Tuesday, September 14, 2004


Yeah, I've blogged about it before, but it's still funny.


Dallas may have hosted the first conservative film festival, but the intellectual roots of the movement lie in, of all places, Little Rock, Ark. A few years back, two local law students, James and Ellen Hubbard, made a trek to the art house only to discover that Hollywood had left them behind. "We looked up and saw there were two choices," Ellen Hubbard said. "Frida, which is about a communist artist"—her voice dropped an octave on the word "communist"—"and Bowling for Columbine, Michael Moore's previous film. And we thought, Where are the films for mainstream America?" Hubbard, who is middle-aged, has golden hair that was coiffed in the preferred style of a Dallas socialite—raised high, then dramatically swept back over the head. "What better way to counteract the Michael Moores of America," she said, "than to throw a film festival?"


Whereas most directors saw conservative filmmaking as a part of the larger Republican jihad, Balsiger saw it as a way to make a fortune. He said his multimillion-dollar company, Grizzly Adams Productions, submits hundreds of ideas to the Gallup Organization for polling each year and then makes a film about whichever idea comes back with the highest score. "We knew dinosaurs were dead as a topic before anybody else did," Balsiger explained. Bush's religiosity tested well as a theme, so Balsiger gave Faith in the Whitehouse the green light, alongside titles like The Evidence for Heaven.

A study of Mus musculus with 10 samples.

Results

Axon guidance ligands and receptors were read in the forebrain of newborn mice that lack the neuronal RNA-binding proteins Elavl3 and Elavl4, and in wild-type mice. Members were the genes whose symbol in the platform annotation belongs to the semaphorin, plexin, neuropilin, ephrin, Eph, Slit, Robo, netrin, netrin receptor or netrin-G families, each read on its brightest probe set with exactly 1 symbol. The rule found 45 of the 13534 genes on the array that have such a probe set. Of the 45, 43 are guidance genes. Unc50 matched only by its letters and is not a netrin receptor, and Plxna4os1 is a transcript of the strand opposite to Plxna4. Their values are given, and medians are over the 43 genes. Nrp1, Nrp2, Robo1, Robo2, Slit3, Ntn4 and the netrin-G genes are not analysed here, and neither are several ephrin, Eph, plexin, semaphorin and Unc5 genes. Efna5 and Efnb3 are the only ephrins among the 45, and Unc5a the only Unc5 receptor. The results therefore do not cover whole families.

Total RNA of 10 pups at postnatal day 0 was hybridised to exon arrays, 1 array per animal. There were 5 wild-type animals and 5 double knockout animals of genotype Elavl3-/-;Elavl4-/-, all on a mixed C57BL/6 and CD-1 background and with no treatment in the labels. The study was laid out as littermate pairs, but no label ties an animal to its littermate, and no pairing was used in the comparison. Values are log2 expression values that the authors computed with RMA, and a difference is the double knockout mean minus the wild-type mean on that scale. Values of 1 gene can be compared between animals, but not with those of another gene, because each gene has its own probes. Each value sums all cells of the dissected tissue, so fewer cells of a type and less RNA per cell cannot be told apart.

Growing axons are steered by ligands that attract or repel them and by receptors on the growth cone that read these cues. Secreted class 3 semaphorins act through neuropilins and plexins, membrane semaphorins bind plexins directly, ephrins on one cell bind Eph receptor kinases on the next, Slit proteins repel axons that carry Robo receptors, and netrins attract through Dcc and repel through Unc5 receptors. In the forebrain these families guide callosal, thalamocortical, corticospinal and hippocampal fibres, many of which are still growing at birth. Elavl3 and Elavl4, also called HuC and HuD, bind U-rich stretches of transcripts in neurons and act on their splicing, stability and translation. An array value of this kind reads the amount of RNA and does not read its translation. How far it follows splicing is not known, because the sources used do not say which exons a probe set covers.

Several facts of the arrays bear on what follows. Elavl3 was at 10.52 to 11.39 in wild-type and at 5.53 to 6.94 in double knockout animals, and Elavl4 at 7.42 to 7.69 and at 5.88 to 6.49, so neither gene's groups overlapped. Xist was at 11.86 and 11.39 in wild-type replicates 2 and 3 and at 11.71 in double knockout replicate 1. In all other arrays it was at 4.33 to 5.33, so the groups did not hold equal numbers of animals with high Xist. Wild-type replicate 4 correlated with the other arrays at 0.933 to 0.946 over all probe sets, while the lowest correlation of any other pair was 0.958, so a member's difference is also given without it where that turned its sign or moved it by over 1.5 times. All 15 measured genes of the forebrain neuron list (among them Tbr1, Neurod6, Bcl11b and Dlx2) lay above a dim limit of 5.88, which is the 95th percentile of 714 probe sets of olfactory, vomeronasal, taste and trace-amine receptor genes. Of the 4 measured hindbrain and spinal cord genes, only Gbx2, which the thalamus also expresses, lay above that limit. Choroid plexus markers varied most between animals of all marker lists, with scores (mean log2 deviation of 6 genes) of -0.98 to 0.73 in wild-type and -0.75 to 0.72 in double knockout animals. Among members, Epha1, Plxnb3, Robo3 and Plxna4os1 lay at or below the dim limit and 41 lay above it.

Balsiger wasn't a true believer, but after all the carping about liberal studio chieftains, his ruthless capitalism seemed refreshingly, well, conservative. "I think conservatives are always whining that everybody's against them, and that's not true," he said. He motioned toward a table with stacks of unsold DVDs. "Most of the product over there is at the wrong price point, $20. That's too high. I sold mine out in three hours, and I'm at $14.95." The conservatives may one day seize Hollywood, but first they'll have to figure out how to price their DVDs.

It's of course right for Balsiger to note wingnuts' bizarre self-pity, but he really draws blood by showing what incompetent businesspeople they are.

Update: It gets better, and so very witty.